In 1817, the Argentine General José de San Martín led an army across the Andes and defeated the Spanish at the battles of Chacabuco and
Chalchuapa and captured Santiago. The Spanish viceroyalty sent a Spanish army to Santiago under General Mariano Osorio, which defeated San Martín at the Second Battle of Cancha Rayada. The drive for independence never diminished, however, and the following year San Martín launched a final offensive, which was to decide the outcome of the war.
Despite being defeated at Cancha Rayada, the Patriot army regrouped again in less than two days, adding up to about 4,000 men, allowing San Martín to rebuild his units almost entirely. Hence, on April 2, after leaving the Ochagavía camp to travel to the lower hills of Maipo, the Patriot army emerged organized in three infantry divisions with a total of 396 chiefs and approximately 5,000 lower-ranked officers and soldiers.
The Royalist army meanwhile continued in its attempt to consolidate and defeat the Patriots, and after Cancha Rayada begun a persistent and extenuating persecution, which was resisted in every town and countryside, delaying its advance towards Santiago and giving the Patriots some time to reorganize and to plan the way to stop Osorio and to avoid his entrance into the capital city.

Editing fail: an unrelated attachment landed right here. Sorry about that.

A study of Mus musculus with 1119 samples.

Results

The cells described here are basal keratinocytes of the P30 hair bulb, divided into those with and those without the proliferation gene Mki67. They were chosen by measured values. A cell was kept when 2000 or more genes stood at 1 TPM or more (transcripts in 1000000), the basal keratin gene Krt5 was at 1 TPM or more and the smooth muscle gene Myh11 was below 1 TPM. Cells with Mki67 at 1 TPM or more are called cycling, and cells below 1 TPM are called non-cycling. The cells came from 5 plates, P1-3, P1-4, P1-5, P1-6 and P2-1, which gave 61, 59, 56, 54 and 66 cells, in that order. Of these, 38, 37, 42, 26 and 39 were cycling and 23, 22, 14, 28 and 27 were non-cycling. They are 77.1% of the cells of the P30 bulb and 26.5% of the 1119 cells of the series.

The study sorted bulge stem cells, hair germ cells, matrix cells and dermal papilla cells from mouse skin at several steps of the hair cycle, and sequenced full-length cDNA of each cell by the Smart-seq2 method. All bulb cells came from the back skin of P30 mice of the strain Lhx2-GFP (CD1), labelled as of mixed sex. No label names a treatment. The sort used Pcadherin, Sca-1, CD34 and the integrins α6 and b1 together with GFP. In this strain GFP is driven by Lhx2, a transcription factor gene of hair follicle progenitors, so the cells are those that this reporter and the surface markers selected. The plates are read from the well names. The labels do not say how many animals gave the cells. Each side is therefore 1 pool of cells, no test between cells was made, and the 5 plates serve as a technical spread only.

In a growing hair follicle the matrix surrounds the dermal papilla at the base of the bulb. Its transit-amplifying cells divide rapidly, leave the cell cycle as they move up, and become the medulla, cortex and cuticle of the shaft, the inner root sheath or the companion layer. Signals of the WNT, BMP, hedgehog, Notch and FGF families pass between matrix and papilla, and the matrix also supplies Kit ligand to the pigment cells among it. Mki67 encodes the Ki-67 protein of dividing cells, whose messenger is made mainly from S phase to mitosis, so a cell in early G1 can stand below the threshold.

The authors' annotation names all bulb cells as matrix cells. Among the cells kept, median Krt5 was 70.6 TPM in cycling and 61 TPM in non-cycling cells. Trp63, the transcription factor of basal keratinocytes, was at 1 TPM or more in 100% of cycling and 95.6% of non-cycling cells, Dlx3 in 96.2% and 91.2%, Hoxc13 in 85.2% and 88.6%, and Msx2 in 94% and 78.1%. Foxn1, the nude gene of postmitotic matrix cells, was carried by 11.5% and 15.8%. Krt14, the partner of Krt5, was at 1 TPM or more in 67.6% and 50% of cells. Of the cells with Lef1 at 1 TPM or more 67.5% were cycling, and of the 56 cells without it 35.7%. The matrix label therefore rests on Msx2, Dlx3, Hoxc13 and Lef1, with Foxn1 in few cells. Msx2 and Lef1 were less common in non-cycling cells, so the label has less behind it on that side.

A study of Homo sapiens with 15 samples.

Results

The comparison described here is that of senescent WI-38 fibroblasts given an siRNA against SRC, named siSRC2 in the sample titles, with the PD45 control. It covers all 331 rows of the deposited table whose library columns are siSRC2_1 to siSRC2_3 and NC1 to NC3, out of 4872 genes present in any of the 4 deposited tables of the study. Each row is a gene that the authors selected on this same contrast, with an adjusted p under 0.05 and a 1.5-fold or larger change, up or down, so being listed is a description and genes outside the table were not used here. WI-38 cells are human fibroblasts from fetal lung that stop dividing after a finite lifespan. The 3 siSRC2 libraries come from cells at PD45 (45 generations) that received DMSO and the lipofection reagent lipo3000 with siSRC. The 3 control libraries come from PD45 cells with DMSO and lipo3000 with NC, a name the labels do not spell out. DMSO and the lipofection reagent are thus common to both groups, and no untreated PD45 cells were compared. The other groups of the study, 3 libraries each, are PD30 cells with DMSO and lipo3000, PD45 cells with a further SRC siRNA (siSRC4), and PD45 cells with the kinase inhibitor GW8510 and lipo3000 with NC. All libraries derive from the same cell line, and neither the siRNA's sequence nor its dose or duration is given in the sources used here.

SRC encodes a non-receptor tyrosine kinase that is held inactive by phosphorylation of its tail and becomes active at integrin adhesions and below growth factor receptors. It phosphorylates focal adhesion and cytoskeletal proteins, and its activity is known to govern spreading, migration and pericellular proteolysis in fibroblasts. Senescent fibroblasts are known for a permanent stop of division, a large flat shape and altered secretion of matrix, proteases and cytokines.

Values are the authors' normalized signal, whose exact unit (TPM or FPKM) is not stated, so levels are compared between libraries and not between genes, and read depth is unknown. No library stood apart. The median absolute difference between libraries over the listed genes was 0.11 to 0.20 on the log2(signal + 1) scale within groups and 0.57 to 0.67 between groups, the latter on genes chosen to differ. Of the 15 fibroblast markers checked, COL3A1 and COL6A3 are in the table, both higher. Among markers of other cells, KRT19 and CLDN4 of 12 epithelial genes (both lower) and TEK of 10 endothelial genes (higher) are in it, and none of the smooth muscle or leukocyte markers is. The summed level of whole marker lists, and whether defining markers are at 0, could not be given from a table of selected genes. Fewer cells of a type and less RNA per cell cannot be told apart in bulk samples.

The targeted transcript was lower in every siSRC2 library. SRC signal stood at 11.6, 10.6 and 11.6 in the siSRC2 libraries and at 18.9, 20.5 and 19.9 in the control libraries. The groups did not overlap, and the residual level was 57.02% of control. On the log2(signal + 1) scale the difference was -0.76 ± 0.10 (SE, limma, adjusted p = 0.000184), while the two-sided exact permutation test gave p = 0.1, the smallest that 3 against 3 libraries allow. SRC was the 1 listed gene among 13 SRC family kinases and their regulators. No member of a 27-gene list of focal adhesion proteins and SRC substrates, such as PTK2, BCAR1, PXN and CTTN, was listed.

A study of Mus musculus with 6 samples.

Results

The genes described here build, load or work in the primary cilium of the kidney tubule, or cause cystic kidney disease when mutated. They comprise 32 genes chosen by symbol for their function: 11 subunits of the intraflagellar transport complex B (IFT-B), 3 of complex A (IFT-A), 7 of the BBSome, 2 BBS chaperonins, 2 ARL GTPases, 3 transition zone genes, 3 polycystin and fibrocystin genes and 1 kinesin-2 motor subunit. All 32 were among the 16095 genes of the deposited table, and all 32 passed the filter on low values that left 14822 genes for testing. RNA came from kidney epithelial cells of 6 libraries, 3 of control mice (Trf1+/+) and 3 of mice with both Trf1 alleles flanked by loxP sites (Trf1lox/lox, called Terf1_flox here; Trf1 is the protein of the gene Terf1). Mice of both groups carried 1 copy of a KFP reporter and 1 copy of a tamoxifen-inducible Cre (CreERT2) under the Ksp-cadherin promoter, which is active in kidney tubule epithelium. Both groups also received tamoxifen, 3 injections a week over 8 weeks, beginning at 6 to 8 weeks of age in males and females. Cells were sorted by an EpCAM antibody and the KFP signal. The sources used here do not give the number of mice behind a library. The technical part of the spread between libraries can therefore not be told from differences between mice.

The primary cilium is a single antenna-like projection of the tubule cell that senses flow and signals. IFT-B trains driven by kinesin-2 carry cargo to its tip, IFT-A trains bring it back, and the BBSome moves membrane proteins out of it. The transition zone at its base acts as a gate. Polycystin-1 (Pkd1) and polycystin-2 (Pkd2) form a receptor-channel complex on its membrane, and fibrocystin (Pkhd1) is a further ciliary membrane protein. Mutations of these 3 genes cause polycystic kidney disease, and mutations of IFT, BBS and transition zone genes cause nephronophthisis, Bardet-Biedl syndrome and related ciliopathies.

Foreseeing this situation, General Bernardo O’Higgins employed some important measures which would serve the ultimate goal of defeating the Spanish, such as collecting the rifles and sabres given by Manuel Rodríguez to people after Cancha Rayada; speeding up the incoming supplies from Los Andes; acquiring or confiscating weapons held by individuals and merchants of Santiago to rearm the troops; gathering up combatants from the population coming up from the south and organizing a training camp at Ochagavía.
Meanwhile, Gen. Osorio, after passing through San Fernando by the end of March, realized that he had not defeated the Patriot army conclusively at Cancha Rayada, and moreover, that the latter was fit to fight and to win. Facing this fact, another encounter between the Patriots and Royalist army near Santiago became inevitable.
Both armies established their headquarters near each other in the south of Santiago, where San Martín and Osorio prepared for battle.
At nightfall on April 4, the Royalist army settled at Lo Espejo, about seven kilometres from the Patriot forces. At dawn the next day, San Martín occupied the lower hills over the southern edge which runs from west to east, with Las Heras’ division to the right, Alvarado's division on the left and Quintana's division right behind them. The grenadiers were set on the extreme right and the Cazadores of the Dictatorial Army were arranged on the left flank. The artillery was divided into two brigades under Blanco Encalada and Borgoño, and protected by the infantry on the wings.
Osorio arranged his army on a triangular ridge at north of Lo Espejo. Primo de Rivera's division was formed on the left wing, while the Dragones de la Frontera Regiment was deployed over the road to Valparaíso. Morla's Division was set on the western half of the triangular plateau, and the right flank was formed by the Ordoñez Division.